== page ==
Wales' first minister has said that climate change would not be "entirely unhelpful" if it brought summer weather similar to California's or Spain's.
Opposition politicians called Rhodri Morgan's remarks a "blunder" and "utterly irresponsible".
Mr Morgan told assembly members some climate change was unavoidable and would have to be adapted to.
The first minister's spokesman said the remark should be read in the context of his speech on Wales' economic future.
He added: "They in no way contradict what he said today in leading the debate on climate change and what Wales needs to do to adapt to the climate change we cannot avoid.
"At the same time we must take all steps practically possible to curb the climate change we can avoid."
The assembly government plans to make a series of announcements to help tackle climate change over the coming months.
It also announced a scheme to plant a tree for every baby born in Wales.
Mr Morgan in a speech on Monday night said: "If our climate in Wales is going to be more like Spain's or southern California's in the summer, then Spain will be more like the Sahara.
"If that is the kind of climate shift we cannot avoid having by 2050, it will hardly be unhelpful to Wales."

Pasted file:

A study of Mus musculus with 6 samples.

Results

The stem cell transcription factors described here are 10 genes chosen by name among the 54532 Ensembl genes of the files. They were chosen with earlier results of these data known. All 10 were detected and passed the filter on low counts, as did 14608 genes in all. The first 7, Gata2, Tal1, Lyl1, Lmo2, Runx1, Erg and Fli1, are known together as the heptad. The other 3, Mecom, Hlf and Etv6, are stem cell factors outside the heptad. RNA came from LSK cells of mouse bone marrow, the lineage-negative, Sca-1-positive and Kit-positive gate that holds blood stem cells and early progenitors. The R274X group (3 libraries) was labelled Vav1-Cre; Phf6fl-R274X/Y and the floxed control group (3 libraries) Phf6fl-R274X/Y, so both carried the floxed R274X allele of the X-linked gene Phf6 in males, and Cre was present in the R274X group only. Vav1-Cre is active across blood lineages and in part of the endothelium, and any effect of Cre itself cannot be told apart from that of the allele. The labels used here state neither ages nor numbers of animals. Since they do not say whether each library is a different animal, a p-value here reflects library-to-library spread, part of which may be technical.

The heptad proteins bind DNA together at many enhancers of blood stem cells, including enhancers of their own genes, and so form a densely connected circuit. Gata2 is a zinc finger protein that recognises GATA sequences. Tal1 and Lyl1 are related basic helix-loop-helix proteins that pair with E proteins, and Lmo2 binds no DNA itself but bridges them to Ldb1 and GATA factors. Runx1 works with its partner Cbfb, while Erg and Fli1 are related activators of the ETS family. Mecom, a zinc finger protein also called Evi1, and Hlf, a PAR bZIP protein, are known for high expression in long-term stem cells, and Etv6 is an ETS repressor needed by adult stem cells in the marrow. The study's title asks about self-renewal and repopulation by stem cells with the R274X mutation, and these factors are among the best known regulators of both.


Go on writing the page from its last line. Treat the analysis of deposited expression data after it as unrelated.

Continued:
STEPS ON CLIMATE CHANGE
Consultation to be launched on response to impacts of unavoidable climate change
Smarter Choices - practical guide to more sustainable travel
Wales energy route map, to transform Wales into a low carbon energy economy
Environmental performance of new buildings a core condition for all Assembly Government funding and investments
Source: Welsh Assembly Government
During weekly questions the following day, Mr Morgan said he was happy to repeat his comments.
"There is some climate change you can't stop, it's already built into the system and as well as curbing it we need to adapt to it," he argued.
"If the north becomes hotter, it will not be entirely unhelpful."
Mr German, AM for south Wales east said he was "amazed" by the first minister's "staggeringly complacent attitude" towards climate change.
He said Wales should play a "leading role" in the green revolution.
"But we cannot do that while we have a "do-nothing" first minister who isn't merely denying climate change, he's positively welcoming it on the grounds that we'd have more sun in the summer," he said.
Plaid Cymru leader Ieuan Wyn Jones described Mr Morgan's comments as "remarkable and utterly irresponsible."
Conservative leader, Nick Bourne, said this "blunder" was worse than the first minister's failure to appear at the D-day landings commemorations and gave the impression that Wales did not care about global warming.
Mr Morgan said he was referring to climate change that scientists had already proved to be inevitable.
He went to outline assembly government plans to tackle climate change with a series of announcements over the next few months.
Meanwhile, a scheme has been launched to plant a tree for every baby and adopted child in Wales from Autumn 2007.
Each child will receive a certificate telling them where their tree was planted, to give them an "immediate link" with their environment, Mr Morgan said.
It is estimated the scheme would create of 30 hectares of woodland each year.